What Broadway’s Two Very Different Shows About Death Teach Us About Life

“Welcome to a show about death!” the ebullient chorus of “mourners” sings. Then Beetlejuice — as interpreted for the stage by actor Alex Brightman, as a shameless, gravelly voiced vaudevillian huckster — reiterates in his own gleefully glib way: “That’s the thing with life, no one makes it out alive!”


This opening number, “The Whole ‘Being Dead’ Thing,” gives audiences permission to laugh at their own mortality and have a little fun when it comes to rotting while others are grieving. It also serves as a blunt declaration that this is going to be a departure from the original source material — Tim Burton’s iconic 1988 movie comedy that became a cult hit and served as inspiration for a generation of teen goths.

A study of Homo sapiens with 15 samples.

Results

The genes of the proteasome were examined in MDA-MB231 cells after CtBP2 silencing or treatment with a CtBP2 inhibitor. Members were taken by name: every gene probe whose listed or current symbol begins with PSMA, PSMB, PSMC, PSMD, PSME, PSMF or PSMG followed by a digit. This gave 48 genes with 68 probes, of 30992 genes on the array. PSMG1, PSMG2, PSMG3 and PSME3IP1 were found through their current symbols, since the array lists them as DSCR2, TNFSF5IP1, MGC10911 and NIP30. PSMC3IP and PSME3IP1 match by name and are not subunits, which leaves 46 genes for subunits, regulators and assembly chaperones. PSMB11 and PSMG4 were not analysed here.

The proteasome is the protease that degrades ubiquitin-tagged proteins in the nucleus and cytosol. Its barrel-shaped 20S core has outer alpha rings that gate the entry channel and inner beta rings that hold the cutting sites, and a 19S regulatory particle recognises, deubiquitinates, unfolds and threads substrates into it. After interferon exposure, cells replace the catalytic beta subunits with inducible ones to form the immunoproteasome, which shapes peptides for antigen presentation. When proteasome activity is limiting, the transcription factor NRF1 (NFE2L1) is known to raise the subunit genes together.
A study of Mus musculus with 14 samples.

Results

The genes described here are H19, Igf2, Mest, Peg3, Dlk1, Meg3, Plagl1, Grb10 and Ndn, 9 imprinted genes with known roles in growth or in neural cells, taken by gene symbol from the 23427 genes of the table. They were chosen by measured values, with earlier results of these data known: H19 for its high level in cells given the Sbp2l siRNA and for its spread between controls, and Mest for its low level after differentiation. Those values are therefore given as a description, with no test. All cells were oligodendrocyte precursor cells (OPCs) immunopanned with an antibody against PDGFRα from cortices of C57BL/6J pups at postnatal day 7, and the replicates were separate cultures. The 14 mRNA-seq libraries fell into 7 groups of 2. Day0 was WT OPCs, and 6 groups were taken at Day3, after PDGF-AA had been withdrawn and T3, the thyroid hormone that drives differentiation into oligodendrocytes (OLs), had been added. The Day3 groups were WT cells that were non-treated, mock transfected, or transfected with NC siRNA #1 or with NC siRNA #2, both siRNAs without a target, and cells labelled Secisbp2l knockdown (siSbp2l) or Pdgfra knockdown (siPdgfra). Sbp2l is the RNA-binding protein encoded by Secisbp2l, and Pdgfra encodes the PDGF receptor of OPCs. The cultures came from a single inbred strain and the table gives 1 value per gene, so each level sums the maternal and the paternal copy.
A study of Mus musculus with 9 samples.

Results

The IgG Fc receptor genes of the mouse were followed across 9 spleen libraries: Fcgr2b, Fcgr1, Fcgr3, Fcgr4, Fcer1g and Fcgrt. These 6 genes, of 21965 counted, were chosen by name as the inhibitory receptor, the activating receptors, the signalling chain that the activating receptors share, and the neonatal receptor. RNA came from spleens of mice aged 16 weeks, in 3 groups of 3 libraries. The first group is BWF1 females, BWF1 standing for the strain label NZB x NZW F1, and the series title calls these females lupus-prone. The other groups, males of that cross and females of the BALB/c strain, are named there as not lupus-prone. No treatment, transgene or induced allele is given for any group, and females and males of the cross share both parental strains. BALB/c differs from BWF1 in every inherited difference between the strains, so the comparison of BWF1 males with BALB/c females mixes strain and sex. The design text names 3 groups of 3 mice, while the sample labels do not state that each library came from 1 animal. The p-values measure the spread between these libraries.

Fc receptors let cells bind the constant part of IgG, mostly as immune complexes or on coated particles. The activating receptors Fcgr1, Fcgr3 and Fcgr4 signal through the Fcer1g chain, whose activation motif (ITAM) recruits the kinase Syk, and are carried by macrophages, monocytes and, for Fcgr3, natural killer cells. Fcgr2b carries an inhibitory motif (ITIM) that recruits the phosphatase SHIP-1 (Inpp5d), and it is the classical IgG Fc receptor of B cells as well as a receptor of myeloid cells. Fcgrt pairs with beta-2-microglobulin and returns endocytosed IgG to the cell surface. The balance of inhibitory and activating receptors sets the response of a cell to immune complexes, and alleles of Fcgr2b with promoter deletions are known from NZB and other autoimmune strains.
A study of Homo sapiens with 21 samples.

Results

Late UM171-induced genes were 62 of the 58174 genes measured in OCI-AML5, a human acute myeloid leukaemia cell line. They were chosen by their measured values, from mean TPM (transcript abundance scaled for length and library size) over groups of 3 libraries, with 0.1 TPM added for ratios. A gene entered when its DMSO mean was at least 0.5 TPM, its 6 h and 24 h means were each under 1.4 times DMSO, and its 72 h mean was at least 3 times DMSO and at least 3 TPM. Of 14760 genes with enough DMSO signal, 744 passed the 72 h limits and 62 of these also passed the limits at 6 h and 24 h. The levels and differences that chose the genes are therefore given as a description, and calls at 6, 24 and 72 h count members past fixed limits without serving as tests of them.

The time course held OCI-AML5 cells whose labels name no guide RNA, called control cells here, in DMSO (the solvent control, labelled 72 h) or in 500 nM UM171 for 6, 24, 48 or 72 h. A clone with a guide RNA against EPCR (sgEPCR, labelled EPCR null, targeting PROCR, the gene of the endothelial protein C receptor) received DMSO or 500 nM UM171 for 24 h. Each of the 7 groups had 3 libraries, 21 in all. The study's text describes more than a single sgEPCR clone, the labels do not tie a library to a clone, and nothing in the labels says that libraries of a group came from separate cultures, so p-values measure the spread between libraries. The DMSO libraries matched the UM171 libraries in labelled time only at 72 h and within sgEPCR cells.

A joyful musical that celebrates death and the afterlife may seem like an odd mixture for audience entertainment, but black humor has long been an antidote to the venom of reality and Eddie Perfect’s wild and witty lyrics keep returning to existential minefields. While fans will be glad to see the dinner party scene in which all those gathered begin to sing and dance to “Day-O (The Banana Boat Song)” — yes at least one shrimp cocktail comes to life to grab an actor’s face and other objects become animated puppets to terrorize — the two best songs are reserved for the second act when we finally get a glimpse at the characters in the Netherworld (don’t fret, the hunter with the shrunken head appears for a song-and-dance number).